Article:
Jury to Decide Whether Company Rejected Qualified Job Candidate Based on Race

MILWAUKEE - A federal court has denied a motion by Scion Dental, Inc. to dismiss a discrimination lawsuit filed in September 2016 by the U.S. Equal Employment Opportunity Commission (EEOC) before trial, the federal agency announced. Scion Dental is a dental benefit administration company based in Menomonee Falls, Wis. The EEOC charged that Scion Dental violated federal law when it refused to hire an African-American temporary employee into a permanent position because of her race.

Scion Dental has, since the EEOC filed its lawsuit, merged with three other companies and is now known as SkyGen USA, Inc.

U.S. Magistrate Judge David E. Jones, of U.S. District Court for the Eastern District of Wisconsin, determined that the EEOC had presented evidence that Nartisha Leija, an African-American woman who had successfully performed her job with Scion Dental as a temporary employee, was qualified for the position she sought, despite Scion's argument that she did not hold a college degree and/or did not interview well. The judge noted that Leija's application was twice rejected during a time period when Scion hired nine non-African-Americans for the position, several of whom did not hold college degrees. The court held that this evidence, combined with the manager's stated goal "to change the face" of the network development department, were enough to require a trial on the EEOC's claim of race discrimination.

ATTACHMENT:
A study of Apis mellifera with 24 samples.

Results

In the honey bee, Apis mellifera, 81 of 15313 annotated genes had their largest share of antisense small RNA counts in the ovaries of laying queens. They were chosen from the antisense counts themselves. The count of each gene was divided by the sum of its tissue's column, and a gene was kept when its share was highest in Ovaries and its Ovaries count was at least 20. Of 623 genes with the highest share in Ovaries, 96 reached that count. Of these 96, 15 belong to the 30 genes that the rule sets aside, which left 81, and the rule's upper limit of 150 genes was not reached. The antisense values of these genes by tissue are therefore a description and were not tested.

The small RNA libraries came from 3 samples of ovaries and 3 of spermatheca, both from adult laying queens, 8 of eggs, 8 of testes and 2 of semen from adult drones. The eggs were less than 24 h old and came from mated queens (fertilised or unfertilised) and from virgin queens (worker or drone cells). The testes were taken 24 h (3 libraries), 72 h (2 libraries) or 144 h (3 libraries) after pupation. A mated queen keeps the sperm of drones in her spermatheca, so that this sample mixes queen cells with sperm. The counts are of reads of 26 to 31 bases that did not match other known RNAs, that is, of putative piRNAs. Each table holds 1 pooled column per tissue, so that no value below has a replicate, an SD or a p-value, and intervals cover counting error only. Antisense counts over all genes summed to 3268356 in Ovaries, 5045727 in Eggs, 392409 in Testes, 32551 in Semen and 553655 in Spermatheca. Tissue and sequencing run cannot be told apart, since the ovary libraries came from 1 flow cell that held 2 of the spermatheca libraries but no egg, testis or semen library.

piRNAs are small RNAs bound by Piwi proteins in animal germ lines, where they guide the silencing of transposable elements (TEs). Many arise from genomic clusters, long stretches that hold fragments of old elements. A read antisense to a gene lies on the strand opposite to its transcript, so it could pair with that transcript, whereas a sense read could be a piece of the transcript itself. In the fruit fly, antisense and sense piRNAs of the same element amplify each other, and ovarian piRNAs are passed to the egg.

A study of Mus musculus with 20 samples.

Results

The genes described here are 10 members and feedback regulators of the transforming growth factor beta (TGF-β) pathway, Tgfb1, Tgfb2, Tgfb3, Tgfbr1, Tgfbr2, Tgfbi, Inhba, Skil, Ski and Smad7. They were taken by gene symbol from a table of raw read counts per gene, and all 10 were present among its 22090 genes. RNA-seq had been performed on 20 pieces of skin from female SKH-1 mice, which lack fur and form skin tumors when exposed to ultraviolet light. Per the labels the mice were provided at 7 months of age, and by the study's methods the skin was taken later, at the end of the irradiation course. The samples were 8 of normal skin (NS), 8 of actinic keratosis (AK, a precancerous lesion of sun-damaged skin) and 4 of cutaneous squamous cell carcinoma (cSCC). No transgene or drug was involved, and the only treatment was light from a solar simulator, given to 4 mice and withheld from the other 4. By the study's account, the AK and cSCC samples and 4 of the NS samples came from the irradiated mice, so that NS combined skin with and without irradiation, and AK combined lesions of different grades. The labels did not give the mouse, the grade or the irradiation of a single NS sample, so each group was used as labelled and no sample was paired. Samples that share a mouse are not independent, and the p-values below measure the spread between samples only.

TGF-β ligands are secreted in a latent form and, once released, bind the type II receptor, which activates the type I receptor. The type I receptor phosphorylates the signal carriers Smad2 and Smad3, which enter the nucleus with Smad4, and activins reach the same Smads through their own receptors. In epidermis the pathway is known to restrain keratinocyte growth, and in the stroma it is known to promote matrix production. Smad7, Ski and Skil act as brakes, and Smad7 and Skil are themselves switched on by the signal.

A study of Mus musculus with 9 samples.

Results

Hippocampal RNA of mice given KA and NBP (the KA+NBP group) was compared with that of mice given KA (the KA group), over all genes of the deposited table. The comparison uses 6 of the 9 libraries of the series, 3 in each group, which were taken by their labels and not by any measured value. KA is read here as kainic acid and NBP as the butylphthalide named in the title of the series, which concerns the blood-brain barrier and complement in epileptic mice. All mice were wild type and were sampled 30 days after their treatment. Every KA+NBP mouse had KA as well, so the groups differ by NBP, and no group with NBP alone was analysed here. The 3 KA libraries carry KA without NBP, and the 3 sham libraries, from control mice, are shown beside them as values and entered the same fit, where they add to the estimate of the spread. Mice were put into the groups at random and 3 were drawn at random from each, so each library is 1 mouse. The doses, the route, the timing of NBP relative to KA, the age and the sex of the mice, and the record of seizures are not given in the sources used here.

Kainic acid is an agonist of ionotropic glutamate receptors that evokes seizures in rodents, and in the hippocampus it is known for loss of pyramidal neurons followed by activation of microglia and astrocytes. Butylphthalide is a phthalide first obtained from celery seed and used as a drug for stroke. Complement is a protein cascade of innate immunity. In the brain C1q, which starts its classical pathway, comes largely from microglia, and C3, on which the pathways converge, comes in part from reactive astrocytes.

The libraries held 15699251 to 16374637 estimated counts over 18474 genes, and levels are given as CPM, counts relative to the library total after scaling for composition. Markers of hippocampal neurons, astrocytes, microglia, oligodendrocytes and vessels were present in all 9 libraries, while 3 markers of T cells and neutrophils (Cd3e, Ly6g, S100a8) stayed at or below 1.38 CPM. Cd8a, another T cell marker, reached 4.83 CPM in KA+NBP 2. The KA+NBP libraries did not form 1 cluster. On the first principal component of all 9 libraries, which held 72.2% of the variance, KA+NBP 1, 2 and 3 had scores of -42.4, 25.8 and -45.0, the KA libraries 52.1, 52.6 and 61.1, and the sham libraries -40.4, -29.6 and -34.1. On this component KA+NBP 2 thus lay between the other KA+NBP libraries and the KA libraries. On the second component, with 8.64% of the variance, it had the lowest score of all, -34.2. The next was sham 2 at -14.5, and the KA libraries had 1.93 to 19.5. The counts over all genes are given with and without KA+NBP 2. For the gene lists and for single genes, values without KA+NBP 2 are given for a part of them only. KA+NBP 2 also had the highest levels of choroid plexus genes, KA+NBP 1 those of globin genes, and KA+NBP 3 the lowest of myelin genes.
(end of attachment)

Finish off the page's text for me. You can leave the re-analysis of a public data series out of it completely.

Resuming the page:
The court also agreed with the EEOC's separate motion that Scion cannot argue to the jury that it would have fired Leija because she printed out e-mail messages, which praised her work performance, from her own work email account to bring to the EEOC, because Scion Dental failed to show that it had fired other employees for similar conduct. The court therefore found it unnecessary to address the EEOC's argument that a termination for bringing evidence to the EEOC would, itself, have been a violation of the law.

The EEOC's Chicago District office is responsible for processing charges of discrimination, administrative enforcement, and the conduct of agency litigation in Wisconsin, Illinois, Iowa, Minnesota, North Dakota and South Dakota, with Area Offices in Milwaukee and Minneapolis.